John Giddings

John Giddings


John Giddings

Founder, Solo Agency

Owner, Isle of Wight Festival

On Gambling, Tapping Into His War Chest And Resurrecting Bowie’s Career

John Giddings has realized many tours over the past year, from Lady Gaga to Nick Mason to Iggy Pop to Little Mix’s final tour (for now), and Genesis’ final tour (forever). Giddings navigated post-pandemic and Brexit-related storms smoothly, even if “it was a gamble,” as he admits. “We all had to work harder to make it all happen. Nick Mason played 29 countries between March and July and they kept changing the rules on us, suddenly creating the need for visas, and we obviously lost Russia and Ukraine. But everybody is in the same boat; it’s the job we must do. We can’t just stop doing it, can we?”

Giddings believes that one should have a war chest stashed away, to go back to on a rainy day. “We had a rainy two years,” he says, adding that he never had to touch the war chest before. “The world has definitely not gone back to normal since,” Giddings continues, “All the things we took for granted, like a plane leaving on time, just aren’t anymore.”

Giddings’ business philosophy is simple: “Treat other people as you would like to be treated. There’s nothing wrong with being hard but fair in this business. Don’t mess people around, but remember that it’s called the ‘music business,’ it’s not called ‘music friends.’ Your job is to make people money, so do your job properly. Be honest; bullshitting people doesn’t get you anywhere because you’ll always get caught out. It’s much easier to tell the truth, because then you can remember what you’ve said.”


That may explain why Giddings cannot accurately remember one of the biggest accomplishments of his career, which is persuading David Bowie to play Glastonbury in 2000. He first had to convince Glastonbury founder Michael Eavis, who didn’t want to book Bowie, because the artist was going through his drum ’n’ bass phase. So, he spread a rumor with a journalist at the Sunday Times. “I said, ‘Glastonbury is begging David Bowie to headline,’ and they printed a half-page article the following week,” Giddings says. “I was taken aback. Michael was inundated with calls to get David; that’s what made Michael change his mind.”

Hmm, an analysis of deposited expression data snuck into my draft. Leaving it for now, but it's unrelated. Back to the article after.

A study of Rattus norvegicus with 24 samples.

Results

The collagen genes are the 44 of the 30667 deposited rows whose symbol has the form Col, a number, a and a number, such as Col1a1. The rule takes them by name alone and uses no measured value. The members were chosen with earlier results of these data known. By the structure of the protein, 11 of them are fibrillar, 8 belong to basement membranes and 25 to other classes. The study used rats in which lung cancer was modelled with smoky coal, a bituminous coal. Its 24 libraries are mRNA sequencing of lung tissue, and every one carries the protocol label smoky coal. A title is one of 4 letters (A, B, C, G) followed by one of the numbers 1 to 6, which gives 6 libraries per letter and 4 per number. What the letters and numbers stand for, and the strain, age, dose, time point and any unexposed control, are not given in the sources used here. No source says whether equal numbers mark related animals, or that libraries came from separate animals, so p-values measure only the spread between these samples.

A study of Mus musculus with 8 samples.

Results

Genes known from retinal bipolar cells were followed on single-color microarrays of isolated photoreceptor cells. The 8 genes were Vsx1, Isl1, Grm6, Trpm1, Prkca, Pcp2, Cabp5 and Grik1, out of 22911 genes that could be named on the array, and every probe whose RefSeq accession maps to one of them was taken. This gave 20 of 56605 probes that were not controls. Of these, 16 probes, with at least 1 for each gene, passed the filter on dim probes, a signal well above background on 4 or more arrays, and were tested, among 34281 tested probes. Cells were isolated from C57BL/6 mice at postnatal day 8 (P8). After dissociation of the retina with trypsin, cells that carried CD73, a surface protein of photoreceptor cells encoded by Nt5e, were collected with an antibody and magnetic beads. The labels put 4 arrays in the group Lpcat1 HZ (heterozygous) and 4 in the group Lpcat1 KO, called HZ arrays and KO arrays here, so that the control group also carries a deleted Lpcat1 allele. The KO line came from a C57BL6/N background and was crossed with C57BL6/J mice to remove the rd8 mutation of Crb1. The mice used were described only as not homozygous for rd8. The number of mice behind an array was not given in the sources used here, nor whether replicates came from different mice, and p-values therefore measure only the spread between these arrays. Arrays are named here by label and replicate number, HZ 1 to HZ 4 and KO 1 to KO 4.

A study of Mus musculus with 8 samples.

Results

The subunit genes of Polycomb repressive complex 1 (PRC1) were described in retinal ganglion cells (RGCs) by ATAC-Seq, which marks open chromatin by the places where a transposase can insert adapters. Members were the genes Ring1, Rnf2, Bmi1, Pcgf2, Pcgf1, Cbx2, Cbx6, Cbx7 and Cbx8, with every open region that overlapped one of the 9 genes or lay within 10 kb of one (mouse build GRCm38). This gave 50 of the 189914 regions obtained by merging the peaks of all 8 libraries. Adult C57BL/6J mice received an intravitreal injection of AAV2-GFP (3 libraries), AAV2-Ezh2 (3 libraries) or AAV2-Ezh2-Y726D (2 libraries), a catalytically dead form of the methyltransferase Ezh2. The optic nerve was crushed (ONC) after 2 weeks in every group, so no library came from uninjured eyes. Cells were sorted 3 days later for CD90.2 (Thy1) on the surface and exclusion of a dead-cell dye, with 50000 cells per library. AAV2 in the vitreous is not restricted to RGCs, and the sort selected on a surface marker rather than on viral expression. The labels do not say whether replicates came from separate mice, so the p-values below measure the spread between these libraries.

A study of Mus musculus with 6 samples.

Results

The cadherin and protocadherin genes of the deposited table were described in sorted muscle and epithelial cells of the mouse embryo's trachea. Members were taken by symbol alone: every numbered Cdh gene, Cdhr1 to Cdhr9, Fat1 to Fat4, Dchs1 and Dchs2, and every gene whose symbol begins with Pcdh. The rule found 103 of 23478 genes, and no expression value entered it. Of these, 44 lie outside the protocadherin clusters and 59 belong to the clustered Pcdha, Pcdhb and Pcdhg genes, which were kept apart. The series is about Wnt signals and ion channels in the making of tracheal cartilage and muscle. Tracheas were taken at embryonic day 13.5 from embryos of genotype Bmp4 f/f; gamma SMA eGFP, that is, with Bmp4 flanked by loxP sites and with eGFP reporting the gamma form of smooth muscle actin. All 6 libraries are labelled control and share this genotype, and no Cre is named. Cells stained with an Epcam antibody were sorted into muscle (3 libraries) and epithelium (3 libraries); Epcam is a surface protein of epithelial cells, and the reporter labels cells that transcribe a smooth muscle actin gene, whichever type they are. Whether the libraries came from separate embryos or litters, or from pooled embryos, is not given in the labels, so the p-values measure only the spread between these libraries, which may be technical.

Giddings still needed to convince Bowie, who said he couldn’t do it because he was expecting a child. “I don’t remember this happening, but I’ve been told that apparently on the conference call, I said, ‘Well, David, if you don’t confirm in the next 24 hours, Prince is going to do it,’ which I made up. I don’t remember doing that, but it resurrected his career. He’d been 10 years in the woods, but at Glastonbury he played every hit known to man. It was extraordinary, one of the best shows of my life.”


Another huge accomplishment is the resurrection of Isle of Wight Festival in 2002. “Nobody believed a festival on an island you can only get to by boat would be successful,” Giddings remembers, “But I had gone there in 1970 and saw Jimi Hendrix and The Doors. I would only have taken it on because it was called the Woodstock of Europe. If it took place somewhere else, I wouldn’t have been interested, but it’s one of the best things I’ve ever done.”

Looking ahead, Giddings notes, “You can’t book stadiums for love nor money next summer. There’s a new wave of gigs coming, and it’s just getting bigger and better. Entertainment will never die. There’s something about live music, especially in the open air. It’s an emotional experience. It’s like a drug; you can’t give it up.”

Giddings once asked his doctor about the addictive quality of his job. The answer he got was, “You don’t realize, John, that you don’t go to work for money, you go to work to make decisions. You enjoy the stress.” And he confirms, “All of us entrepreneurs, we’re doing it for the crack of making things happen.”